Example:

$ egrep -f ~/tmp/tmpgrep2 orig_20_L_A_20090228.txt | wc -l
3
$ for lines in `cat ~/tmp/tmpgrep2` ; do  egrep $lines orig_20_L_A_20090228.txt ; done | wc -l
12

Could someone give me a hint what could be the problem? No, the files did not changed between executions. The expected answer for the egrep line count is 12.

UPDATE on file contents: the searched file contains cca 13000 lines, each of them are 500 char long, the pattern file contains 12 lines, each of them are 24 char long. The pattern always (and only) occurs on a fixed position in the seached file (26-49).

UPDATE on pattern contents: every pattern from tmpgrep2 are a 24 char long number.


5 Answers 5

If the search patterns are found on the same lines, then you can get the result you see:

Suppose you look for:

abc
def
ghi
jkl

and the data file is:

abcdefghijklmnoprstuvwxzy

then the one-time command will print 1 and the loop will print 4.

    
Then 'tis time to get wc out of the system and look at the results of egrep in the raw form. You might also want to use the '-n' option to report line numbers. Since you only get a dozen lines of output, it isn't going to be too bad. You can perhaps use 'cut -c1-70' so the long lines are shorter. –  Jonathan Leffler Mar 8 '09 at 11:58
    
Are there regular expression metacharacters in the data you're trying to match? That could confuse things, too. But you are now, probably, left with manual analysis of the two separate sets of results. FWIW: the last thing to think of is 'bug in egrep'; that is most unlikely. –  Jonathan Leffler Mar 8 '09 at 12:00

Could it be that the lines read contain something that the shell is expanding/substituting for you, in the second version? Then that doesn't get done by grep when it reads the patterns itself, thus leading to a different sent of patterns being matched.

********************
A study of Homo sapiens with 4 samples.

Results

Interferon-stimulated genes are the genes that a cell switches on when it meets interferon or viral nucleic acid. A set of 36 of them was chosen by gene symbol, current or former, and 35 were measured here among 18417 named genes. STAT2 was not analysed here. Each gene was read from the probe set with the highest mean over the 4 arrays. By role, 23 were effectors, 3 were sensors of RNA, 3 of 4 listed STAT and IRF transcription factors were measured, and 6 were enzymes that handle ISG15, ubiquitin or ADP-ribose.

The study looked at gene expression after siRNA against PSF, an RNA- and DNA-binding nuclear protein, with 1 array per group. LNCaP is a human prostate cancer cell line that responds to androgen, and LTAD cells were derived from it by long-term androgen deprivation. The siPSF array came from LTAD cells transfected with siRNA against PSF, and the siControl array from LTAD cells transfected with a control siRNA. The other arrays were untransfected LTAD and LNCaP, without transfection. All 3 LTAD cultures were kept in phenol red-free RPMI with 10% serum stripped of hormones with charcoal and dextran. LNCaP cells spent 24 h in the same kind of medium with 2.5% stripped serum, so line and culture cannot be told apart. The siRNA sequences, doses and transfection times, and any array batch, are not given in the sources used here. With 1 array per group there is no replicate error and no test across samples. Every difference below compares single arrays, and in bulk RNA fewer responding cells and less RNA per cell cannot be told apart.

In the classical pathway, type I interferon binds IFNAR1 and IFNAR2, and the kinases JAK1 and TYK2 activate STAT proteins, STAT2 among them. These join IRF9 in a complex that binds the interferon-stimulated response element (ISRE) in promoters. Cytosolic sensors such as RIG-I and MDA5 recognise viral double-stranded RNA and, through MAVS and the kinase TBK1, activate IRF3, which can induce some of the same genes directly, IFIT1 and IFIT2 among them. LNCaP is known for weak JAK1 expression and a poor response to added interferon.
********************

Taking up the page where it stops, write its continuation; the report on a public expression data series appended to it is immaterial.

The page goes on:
I'm not totally sure if the shell is doing any expansion on the variable value in an invocation like that, but it's an idea at least.

EDIT: Nope, it doesn't seem to do any substitutions. But it could be quoting issue, if your patterns contain whitespace the for loop will step through each token, not through each line. Take a look at the read bash builtin.


Do you have any duplicates in ~/tmp/tmpgrep2? Egrep will only use the dupes one time, but your loop will use each occurrence.

Get rid of dupes by doing something like this:

$ for lines in `sort < ~/tmp/tmpgrep2 | uniq` ; do  egrep $lines orig_20_L_A_20090228.txt ; done | wc -l

I second @unwind.

Why don't you run without wc -l and see what each search is finding?

And maybe:

for lines in `cat ~/tmp/tmpgrep2` ; do echo $lines ; done

Just to see now the shell is handling $lines?


The others have already come up with most of the things I would look at. The next thing I would check is the environment variable GREP_OPTIONS, or whatever it is called on your machine. I've gotten the strangest error messages or behaviors when using a command line argument that interfered with the environment settings.